Like politics and religion, cilantro elicits strong opinions. People love it or hate it. For some, it's an acquired taste, thus attracting its share of proselytizing converts, such as myself. Even the name of the plant can be controversial. In the U.S., the leaves are called cilantro, while the seeds are called coriander. In Europe (and Australia), the leaves are called coriander, while the seeds are also called coriander. To confuse matters further, cilantro leaves are also known as Chinese parsley.Ms Balslev acquired the taste of coriander and appears to love it. Read more, including recipes. Josh Kurz, writing for NPR in late 2008, on the other hand detests the herb.
Whatever your culinary or linguistic disposition, this is one herb the world apparently can't live without. Featured in the cuisines of the Middle East, North Africa, Europe and Asia, cilantro has a culinary history dating back millennia. Its seeds were found in 8,000-year-old caves in Israel. There are ancient Sanskrit and biblical references to coriander. Even King Tut claimed a piece of the cilantro action with seeds scattered in his tomb. Introduced to the Americas by Europeans in the 1600s, the coriander plant is a relative newcomer to this part of the world. It's been growing like the dickens ever since, making up for any lost epochal time while achieving a prominent place in American Southwestern, Mexican and Latin American cuisines.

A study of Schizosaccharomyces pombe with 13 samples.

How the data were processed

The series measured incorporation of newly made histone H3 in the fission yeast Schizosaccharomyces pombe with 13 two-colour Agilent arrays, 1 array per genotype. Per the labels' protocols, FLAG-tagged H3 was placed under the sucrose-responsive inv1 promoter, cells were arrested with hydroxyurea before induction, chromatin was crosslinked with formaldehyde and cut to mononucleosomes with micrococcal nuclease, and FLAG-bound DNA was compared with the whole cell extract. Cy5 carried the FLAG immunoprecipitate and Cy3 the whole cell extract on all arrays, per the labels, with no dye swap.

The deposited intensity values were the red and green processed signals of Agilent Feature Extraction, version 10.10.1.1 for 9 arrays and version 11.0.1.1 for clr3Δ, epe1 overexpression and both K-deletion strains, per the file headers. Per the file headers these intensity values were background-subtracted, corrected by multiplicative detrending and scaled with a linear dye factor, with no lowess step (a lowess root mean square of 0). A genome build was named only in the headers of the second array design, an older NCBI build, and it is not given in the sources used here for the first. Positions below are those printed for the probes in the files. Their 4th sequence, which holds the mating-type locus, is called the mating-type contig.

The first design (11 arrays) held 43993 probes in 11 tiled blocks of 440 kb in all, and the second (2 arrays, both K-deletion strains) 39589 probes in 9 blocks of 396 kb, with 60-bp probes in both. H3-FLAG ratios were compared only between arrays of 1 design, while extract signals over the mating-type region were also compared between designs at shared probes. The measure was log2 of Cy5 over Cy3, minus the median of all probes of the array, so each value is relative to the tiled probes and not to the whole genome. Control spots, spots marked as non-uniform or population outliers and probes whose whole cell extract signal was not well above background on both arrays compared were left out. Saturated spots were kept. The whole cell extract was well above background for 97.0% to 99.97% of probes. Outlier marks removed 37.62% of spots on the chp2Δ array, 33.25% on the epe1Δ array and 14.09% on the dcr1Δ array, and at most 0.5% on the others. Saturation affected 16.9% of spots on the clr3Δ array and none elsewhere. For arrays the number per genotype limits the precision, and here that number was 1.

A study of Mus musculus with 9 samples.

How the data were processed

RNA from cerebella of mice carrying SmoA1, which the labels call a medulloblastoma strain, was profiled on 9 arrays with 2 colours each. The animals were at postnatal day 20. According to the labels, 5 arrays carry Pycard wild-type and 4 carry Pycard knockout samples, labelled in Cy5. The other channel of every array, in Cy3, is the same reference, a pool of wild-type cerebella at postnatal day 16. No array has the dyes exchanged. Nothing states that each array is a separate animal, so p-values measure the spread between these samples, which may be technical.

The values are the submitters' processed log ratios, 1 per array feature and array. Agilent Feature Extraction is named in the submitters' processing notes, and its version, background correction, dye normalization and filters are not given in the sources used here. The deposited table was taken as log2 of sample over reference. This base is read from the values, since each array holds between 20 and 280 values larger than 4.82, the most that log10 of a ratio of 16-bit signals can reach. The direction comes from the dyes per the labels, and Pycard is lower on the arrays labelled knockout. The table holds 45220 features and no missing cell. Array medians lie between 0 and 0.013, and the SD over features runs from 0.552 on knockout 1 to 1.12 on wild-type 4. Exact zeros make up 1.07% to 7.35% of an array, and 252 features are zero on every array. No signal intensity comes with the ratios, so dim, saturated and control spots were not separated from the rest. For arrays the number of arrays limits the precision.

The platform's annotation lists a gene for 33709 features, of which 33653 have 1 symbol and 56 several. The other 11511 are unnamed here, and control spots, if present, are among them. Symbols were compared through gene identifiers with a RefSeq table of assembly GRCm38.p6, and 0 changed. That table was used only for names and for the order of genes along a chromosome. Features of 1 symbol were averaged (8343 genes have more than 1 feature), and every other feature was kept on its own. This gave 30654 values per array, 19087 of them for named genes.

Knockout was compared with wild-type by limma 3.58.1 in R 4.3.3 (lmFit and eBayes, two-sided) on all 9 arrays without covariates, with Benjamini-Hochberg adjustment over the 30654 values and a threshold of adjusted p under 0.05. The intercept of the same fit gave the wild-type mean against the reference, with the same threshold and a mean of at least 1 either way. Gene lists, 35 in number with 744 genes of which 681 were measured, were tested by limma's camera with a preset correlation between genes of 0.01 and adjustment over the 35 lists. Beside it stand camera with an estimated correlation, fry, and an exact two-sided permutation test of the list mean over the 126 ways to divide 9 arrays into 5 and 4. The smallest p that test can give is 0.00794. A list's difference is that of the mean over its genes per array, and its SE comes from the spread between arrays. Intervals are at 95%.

The entire cilantro plant is edible, including its root. The seeds, known as coriander, are the dried ripe fruit of the plant, frequently used whole for pickling and spicing, or toasted and finely ground into the dried spice also known as coriander. Dried coriander seeds bear no resemblance in flavor to the fresh leaves. Fresh coriander leaves are delicate and lacy, imparting a unique soapy aroma that either attracts or repels, depending on which side of the cilantro fence you sit. Cilantro leaves are best served fresh and used as a final flourish to dishes, because their fragility does not lend well to the heat of cooking.
So, why is this ancient, worldly herb so polarizing? There are theories that nature plays a role: Some people may be genetically predisposed to cilantro intolerance. This can manifest itself in an intense aversion to the aroma and flavor of the leaves, and, in rare cases, a physical reaction... For the rest of us, nurture or environment may be a factor. Chances are that if you were raised in a culture where coriander is a kitchen staple, you are a cilantro lover. If you had little exposure, cilantro might take some getting used to.
Surely it is not that much different to parsley (flat leaf or curly) with a hint of aniseed.